A new report published by the Fawcett Society, Tackling Sexual Harassment in the Workplace, shows that at least 40% of women experience sexual harassment during their career.
23% of those surveyed said that the sexual harassment increased or escalated while they were working from home during the COVID-19 pandemic.
Disabled women surveyed were more likely to have experienced sexual harassment (68%) than women in general (52%).
Employees from ethnic minority backgrounds, both men and women, reported experiencing sexual harassment at a higher level than white employees, with rates of 32% and 28% respectively.
The report also found that 68% of LGBT employees had experienced harassment in the workplace. Culture, policy, training, reporting mechanisms and the way employers respond to reports are five critical elements to help create a workplace intolerant of sexual harassment. The report recommends that employers should:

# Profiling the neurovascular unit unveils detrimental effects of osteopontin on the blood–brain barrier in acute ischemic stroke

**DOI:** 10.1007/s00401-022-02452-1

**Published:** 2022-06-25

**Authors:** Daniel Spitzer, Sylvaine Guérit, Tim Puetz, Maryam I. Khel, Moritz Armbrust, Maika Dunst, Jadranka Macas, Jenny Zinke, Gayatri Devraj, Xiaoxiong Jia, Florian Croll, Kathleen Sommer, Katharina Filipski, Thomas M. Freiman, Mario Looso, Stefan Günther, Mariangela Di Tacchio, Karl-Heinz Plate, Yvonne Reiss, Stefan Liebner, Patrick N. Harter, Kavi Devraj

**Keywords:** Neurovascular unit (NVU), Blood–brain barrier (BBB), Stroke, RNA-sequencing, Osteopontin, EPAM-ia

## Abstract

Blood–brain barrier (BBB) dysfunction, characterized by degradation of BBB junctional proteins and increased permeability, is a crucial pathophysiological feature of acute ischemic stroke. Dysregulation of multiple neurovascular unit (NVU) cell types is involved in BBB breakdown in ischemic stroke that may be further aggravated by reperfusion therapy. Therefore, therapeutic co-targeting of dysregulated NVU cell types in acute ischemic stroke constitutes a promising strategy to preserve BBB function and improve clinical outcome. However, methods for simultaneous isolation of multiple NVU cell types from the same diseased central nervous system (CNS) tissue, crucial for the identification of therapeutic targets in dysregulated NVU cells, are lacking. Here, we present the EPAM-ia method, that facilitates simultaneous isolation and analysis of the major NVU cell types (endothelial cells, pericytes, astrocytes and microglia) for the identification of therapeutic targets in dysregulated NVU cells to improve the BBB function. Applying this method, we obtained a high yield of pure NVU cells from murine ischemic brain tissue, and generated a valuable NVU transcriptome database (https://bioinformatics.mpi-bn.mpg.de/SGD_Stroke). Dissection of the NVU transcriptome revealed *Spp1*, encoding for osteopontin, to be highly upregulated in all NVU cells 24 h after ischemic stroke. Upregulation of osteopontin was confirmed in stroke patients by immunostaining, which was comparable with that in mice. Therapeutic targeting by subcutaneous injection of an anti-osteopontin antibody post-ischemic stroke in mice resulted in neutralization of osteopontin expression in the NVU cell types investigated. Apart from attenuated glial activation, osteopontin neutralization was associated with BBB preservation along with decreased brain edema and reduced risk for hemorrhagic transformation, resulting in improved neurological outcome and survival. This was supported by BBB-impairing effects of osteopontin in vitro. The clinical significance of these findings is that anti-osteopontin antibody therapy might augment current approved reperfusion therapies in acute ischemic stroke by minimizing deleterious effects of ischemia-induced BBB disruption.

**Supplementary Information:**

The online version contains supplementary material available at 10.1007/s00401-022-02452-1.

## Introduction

|•||Take all forms of sexual harassment seriously.|
|•||Treat employees who report sexual harassment with respect and empathy and ensure women feel able to report harassment, including facilitating anonymous reporting.|
|•||Increase gender equality within the organisation, especially at senior levels.|
|•||Demonstrate leadership commitment to tackling harassment.|
|•||Measure their organisational attitudes towards sexual harassment by conducting an employee survey.|
|•||Provide managers dealing with reports with guidance and support.|
|•||Have a clear and detailed sexual harassment policy that is separate to their general harassment and bullying policy.|
The recommendations in the report will form the basis of a sexual harassment toolkit for employers which will be published next January. Employers can sign up to receive a copy of the toolkit on their website.
If you’re an employee or company looking for advice on sexual harassment claims in the workplace, get in touch.